There is nothing like Venice anywhere in the world. Founded about fifteen hundred years ago on a series of islands in the lagoon, its development was conditioned by its geographical position, marking it apart from other Italian and European cities, at a time when the whole of Europe was an uninhabited region covered in marshes and forests.

The Venetians built up one of the Renaissance’s most powerful economies and filled their town with thousands of works of art, so much so that Venice is recognised today as the world capital of art.

We would like to propose a list of  ”must-sees" to include in your travel notes. The best known of  the monumental churches is the Basilica of St. Mark, which stands in a square of the same name.

The majestic Gothic basilicas of Santa Maria Gloriosa dei Frari and Saints John and Paul are veritable church-museums due to the vast amount of works of art in them.

The church of Maria della Salute is a jewel of Venetian Baroque architecture with fascinating curved shapes and volutes visible from the Grand Canal.

Renaissance masterpieces include the little church of Santa Maria dei Miracoli, which abounds in precious stones and gems, and the church of San Zaccaria, which contains clear traces of passing eras.

Public buildings not to be missed are the Doges’ Palace, with its art collections and historic remains, the Gothic marvel of Ca’ d’Oro, best viewed from the Grand Canal, and the Schools, which were actually meeting places for the town’s folk involved in charity work.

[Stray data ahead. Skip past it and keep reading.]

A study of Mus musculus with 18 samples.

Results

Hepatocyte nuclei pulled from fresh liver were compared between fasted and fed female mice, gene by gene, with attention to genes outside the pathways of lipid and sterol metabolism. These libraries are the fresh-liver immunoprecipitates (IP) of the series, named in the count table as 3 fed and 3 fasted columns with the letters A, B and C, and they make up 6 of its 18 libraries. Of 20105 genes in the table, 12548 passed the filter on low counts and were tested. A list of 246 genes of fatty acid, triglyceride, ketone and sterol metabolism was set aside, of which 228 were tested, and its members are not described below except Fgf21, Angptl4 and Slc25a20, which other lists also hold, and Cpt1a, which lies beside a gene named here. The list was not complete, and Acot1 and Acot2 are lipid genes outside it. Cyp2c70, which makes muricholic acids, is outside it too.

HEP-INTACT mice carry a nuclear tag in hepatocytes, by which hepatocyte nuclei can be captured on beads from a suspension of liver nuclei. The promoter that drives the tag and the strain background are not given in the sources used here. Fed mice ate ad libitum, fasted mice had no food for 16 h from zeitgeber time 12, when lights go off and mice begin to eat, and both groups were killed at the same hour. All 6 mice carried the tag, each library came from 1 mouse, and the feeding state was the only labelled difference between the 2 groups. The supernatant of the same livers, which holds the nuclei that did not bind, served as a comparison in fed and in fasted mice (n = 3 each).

Among the most important are: the Great School of San Rocco, where plague victims and the sick were tended, now a museum housing the largest collection of works by Jacopo Tintoretto; the Great Schools of St. John the Evangelist and St. Mark, with their interesting architecture; and the School of St. George of the Slaves, which contains a collection of  amazing canvasses by Vittore Carpaccio.

Also worthy of note is the Renaissance architecture of Ca' Vendramin Calergi, now the Municipal Casino.

The many museums include: the Academy Gallery, with its vast collection of paintings by the Venetian school from its origins to the 18th century; the Archaeological Museum in St. Mark Square, which contains numerous Greek and Roman statues, Roman frescoes, Greek and Etruscan ceramics, Egyptian mummies and much many other interesting exhibits; the Correr Museum, with its many Venetian paintings dating from the Renaissance to the 19th century, and an interesting collection of maps, coins, Doges’ costumes, ceramic ornaments, engraved ivories, weapons and uniforms.

Then there are: the International Gallery of Modern Art (Ca' Pesaro), which holds an interesting collection of Venetian and Italian art dating back to the late 19th and early 20th century; the Franchetti Art Gallery, in Ca’ d’Oro, with works by Mantegna, Bellini, Carpaccio and Titian; the Peggy Guggenheim Collection in Ca' Vernier dei Leoni on the Grand Canal, which boasts one of the most important collections of contemporary works of art from Italy and abroad; the Querini Stampalia Art Gallery, housed at the Foundation of the same name, which displays a vast collection of 15th to 18th century Venetian paintings.

Lastly comes the Venetian 18th Century Museum, in Ca’ Rezzonico, a splendid Baroque palace, where visitors can step back into the outstanding century of Venetian art, with works by Pietro and Alessandro Longhi, Piazzetta, Gianbattista and Giandomenico Tiepolo, Rosalba Carriera, and Francesco and Gianantonio Guardi.